However, for Indigenous peoples, this holiday carries a much different meaning—one of sorrow and reflection.

Thanksgrieving is a term recently applied to the historical mistreatment of Indigenous communities by European colonizers.

Here we’ll take a look at the origin of Thanksgrieving, which up until the last 5 to 10 years referred to lonliness at Thanksgiving or mourning loss of a family member. Thanksgrieving has recently been reapplied to the remembrance and honor of the injustices forced upon Indigenous peoples.

1. The Genesis of Thanksgrieving

Thanksgrieving, a term blending “Thanksgiving” and “grieving,” encapsulates the somber emotions that Indigenous communities experience during this holiday season.

It originates from the dark history of colonization when European settlers arrived in America, setting in motion a series of events that forever changed the lives of Indigenous peoples.

2. A Bleak History of European Colonization

The arrival of European colonizers in the early 17th century marked the beginning of a painful and tragic chapter for Indigenous communities.

The colonizers’ pursuit of land and resources brought conflict, violence, and devastation to Native American populations.

Diseases introduced by the Europeans decimated Indigenous populations, leading to the loss of countless lives and a significant erosion of cultural heritage.

3. Consequences of Colonization

European colonization had far-reaching consequences for Indigenous peoples. Forced removals from their ancestral lands resulted in the loss of their connection to the earth and a rupture of their spiritual ties.

The imposition of foreign customs and values undermined traditional ways of life, eroding the rich cultural tapestry of Indigenous communities.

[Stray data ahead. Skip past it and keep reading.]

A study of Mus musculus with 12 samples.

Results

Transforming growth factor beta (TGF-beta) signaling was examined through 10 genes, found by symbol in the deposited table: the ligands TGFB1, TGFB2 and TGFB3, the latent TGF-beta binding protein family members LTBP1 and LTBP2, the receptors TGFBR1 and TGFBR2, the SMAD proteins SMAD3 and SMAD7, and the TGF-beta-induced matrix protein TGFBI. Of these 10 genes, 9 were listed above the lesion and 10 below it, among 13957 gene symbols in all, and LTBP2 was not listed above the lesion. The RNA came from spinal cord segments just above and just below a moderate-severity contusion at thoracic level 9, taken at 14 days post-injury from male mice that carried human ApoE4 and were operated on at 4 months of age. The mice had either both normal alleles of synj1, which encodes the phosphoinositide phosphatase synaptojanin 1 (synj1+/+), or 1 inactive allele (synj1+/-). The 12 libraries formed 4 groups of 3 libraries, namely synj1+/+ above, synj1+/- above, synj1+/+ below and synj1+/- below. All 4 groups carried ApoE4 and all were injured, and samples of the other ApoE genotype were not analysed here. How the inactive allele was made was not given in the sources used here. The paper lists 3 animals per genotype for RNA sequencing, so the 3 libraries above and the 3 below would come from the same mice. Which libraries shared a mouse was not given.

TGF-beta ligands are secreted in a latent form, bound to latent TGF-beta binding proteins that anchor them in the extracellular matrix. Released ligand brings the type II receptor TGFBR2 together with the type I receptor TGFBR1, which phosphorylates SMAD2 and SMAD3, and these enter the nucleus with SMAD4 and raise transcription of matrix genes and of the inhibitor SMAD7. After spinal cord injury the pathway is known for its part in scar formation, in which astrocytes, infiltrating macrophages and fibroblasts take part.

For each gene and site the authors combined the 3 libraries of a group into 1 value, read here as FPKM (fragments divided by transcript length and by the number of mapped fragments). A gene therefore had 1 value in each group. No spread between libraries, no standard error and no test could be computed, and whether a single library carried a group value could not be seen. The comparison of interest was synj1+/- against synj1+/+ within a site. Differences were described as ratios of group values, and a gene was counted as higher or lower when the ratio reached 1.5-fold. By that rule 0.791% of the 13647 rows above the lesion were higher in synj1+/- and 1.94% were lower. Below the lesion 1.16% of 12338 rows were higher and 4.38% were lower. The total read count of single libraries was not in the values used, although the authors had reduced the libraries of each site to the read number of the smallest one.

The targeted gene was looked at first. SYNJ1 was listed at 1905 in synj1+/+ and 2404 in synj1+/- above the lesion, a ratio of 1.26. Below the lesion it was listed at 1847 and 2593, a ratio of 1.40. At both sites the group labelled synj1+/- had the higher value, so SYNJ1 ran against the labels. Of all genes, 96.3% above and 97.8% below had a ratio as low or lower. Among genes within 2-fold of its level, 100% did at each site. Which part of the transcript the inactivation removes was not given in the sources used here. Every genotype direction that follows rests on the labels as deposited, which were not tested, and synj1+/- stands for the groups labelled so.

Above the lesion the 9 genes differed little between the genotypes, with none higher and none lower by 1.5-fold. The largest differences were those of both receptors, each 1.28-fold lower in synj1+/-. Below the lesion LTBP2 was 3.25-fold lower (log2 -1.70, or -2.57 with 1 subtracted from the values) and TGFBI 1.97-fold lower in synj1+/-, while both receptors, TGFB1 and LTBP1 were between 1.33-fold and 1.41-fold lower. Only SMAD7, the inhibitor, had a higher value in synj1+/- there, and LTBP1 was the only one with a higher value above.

4. Thanksgiving: A Complicated Narrative

The popular narrative of the first Thanksgiving often paints a picture of harmony and camaraderie between the Pilgrims and Native Americans.

However, this portrayal overlooks the deep-rooted injustices and pain endured by Indigenous peoples at the hands of European settlers.

The feast shared between the Pilgrims and Native Americans was not a symbol of unity but rather a brief respite from the ongoing colonization and oppression.

5. Thanksgrieving: A Time of Remembrance

For Indigenous peoples, Thanksgiving is not a time for celebration but a period of Thanksgrieving—a time to honor the resilience of their ancestors and remember the countless lives lost and communities disrupted.

It is an opportunity for all Americans to confront the uncomfortable truths of history and reflect on the ongoing impacts of colonization on Indigenous communities today.

6. Acknowledging the Past and Paving the Way for Healing

Recognizing Thanksgrieving and acknowledging the painful history of Thanksgiving is essential for healing and reconciliation.

By understanding the injustices that Indigenous peoples faced, we can work towards fostering empathy and understanding, and promoting a more inclusive and just society.


As we approach Thanksgiving, let us not forget the true history behind this holiday. Thanksgrieving calls us to reflect on the mistreatment and suffering endured by Indigenous peoples due to European colonization.

It is a time to honor the resilience of Indigenous communities and stand in solidarity with them. By acknowledging the past and working towards reconciliation, we can pave the way for a more equitable and compassionate future for all.

Let us transform Thanksgiving into a time of genuine gratitude, remembrance, and healing.